City council has axed the idea to rename a new section of the former Bishop Grandin Boulevard to something other than Abinojii Mikanah. Despite a unanimous vote, there was still debate over the matter, with one city councillor responding to criticism of the idea saying he is not the “typical white guy.”
The name change was first brought up earlier this month by Councillors Russ Wyatt (Transcona) and Ross Eadie (Mynarksi). They called for the newest section of the former Bishop Grandin Boulevard, which stretches east past Lagimodiere, to be renamed Edward Schreyer Parkway South.
The name, they said, would honour former Manitoba Premier Edward Schreyer.
This came despite a move from council nearly eight months ago officially renaming the entire stretch of Bishop Grandin Boulevard to Abinojii Mikanah.
The new name means ‘Children’s Way’ in Ojibway and honours survivors of the residential school system, of which Roman Catholic Bishop Justin Grandin was considered an architect.
Wyatt and Eadie’s idea prompted fierce backlash from members of Manitoba’s Indigenous community. Last week, the Assembly of Manitoba Chiefs held a news conference condemning the name change as a “slap in the face.”
On Thursday, council heard from Kate Kehler from the Social Planning Council of Winnipeg, who said the whole situation speaks to a larger problem.
“The motion does represent an ongoing lack of understanding of the truly transformative change needed in thinking, if as a city we are ever going to make significant progress on Truth and Reconciliation, or if indeed we are ever going to get there at all,” she said.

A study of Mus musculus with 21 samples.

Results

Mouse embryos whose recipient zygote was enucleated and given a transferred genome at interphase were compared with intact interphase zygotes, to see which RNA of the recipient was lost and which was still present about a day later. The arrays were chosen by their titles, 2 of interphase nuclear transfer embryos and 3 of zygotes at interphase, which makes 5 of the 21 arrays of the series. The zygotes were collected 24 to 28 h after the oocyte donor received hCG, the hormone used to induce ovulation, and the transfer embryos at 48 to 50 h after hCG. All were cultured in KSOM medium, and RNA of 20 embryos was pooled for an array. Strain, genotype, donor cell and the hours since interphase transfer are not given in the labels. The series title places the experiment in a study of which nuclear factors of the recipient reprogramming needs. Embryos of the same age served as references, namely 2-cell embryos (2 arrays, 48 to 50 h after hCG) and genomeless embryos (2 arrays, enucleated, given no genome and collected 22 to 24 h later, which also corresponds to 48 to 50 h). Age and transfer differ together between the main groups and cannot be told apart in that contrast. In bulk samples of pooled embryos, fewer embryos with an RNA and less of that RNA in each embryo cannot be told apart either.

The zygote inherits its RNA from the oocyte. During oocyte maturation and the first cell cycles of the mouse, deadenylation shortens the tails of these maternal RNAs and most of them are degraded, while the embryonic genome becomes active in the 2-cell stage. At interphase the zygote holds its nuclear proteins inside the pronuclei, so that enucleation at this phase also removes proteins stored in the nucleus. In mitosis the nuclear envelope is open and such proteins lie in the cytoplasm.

Wyatt told council Thursday it was not his intent to take away from the renaming of Abinojii Mikanah.
Still, he maintains the road never should have been named Bishop Grandin in the first place – saying it was part of a long-planned Transcona corridor.
“It was unfortunate the timing, but had I been on council last term it wouldn’t have been named Bishop Grandin in the first place,” he said.
Some councillors suggested to Wyatt that there are other roads in his ward that could be renamed to honour Edward Schreyer.
However, Eadie fired back in response to the backlash.
“I’m on the street, I’m kind to everybody. If there is a woman in need and in trouble and she asks me, I help. As a matter of fact, I believe when I was a young teenager, I often got beat up because I was the white guy,” he told council.
He added, that while he understands why the delegations were upset, but he felt they assumed he didn’t think about these things before he supported the original motion to rename the road.
“Again, I do understand why especially the Indigenous, Métis activists who came, I understand their frustration, and I am going to forgive them for insinuating that somehow that I am a typical white guy when I’m not.”
While he said he would support the decision not to rename the road, he added he still felt it was a legitimate request.
Council voted unanimously to reject the motion – meaning the new section will remain named Abinojii Mikanah.